I’ve been busy these last few weeks preparing for my first solo exhibit. It’s nerve-wracking, but exciting. The show opens in a week, and luckily, procrastination has also been on an extended vacation!
The thing with art exhibits that you don’t really see, is that it takes at least 1-1.5 years from the time you begin painting to when you actually have an opening. In between, there’s the whole business of submitting proposals to galleries (who decide their programming one year in advance), waiting for a response (while keeping hopes high), and finishing painting the rest of the series (this particular one has 29 paintings). It’s a long process, but to see it come to fruition is definitely rewarding!
On a different note, I stumbled across this helpful advice to emerging artists from Canadian-born, London-based Andrew Salgado (who is also quite an incredible painter). Here’s a snippet that made me chuckle, and also rung true:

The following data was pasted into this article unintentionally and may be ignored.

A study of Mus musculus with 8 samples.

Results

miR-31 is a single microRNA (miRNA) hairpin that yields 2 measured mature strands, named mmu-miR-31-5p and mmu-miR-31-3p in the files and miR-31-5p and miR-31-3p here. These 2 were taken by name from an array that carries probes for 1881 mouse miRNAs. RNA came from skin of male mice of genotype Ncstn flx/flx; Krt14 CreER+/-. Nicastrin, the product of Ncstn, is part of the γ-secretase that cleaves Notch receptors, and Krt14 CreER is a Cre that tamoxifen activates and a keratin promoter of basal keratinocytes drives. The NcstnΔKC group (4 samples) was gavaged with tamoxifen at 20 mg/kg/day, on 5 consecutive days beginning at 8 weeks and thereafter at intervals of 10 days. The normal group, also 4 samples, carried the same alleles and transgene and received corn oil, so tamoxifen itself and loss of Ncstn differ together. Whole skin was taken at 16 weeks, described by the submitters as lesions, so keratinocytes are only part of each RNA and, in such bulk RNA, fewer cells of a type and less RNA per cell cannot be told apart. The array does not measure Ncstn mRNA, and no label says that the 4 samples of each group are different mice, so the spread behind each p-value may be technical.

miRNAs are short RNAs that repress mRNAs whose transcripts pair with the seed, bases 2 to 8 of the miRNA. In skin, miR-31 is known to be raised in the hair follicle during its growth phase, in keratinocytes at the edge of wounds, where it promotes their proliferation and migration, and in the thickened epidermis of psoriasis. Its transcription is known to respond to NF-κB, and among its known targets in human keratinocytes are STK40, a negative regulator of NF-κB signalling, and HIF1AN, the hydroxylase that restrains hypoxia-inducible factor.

Learn from your mistakes and learn quickly. Don’t let negativity, pessimism, and failure get you down. It doesn’t happen overnight. It’s a marathon, not a sprint.
What (advice) i should have ignored: never use white, never use black. Who the fuck doesn’t use white or black? I’m not a watercolor painter.
The Never Use Black rule, we meet again! I’m not sure where it came from, but I’ve heard it so many times it’s become white noise. Admittedly, only after I tried to follow that rule for a few weeks – which did not go well. Let’s just say that all the portraits I painted during that time ended up in the repaint pile. And I’ve said my goodbyes to rules involving which colors to use/not use.
A marathon, not a sprint. I’ve long suspected the biggest difference between those artists who succeed and those who don’t, is sheer persistence. To make it through those first five years, definitely takes some blinding faith (not the god kind, more like faith that everything will work out in the end…well, hopefully before ‘the end’).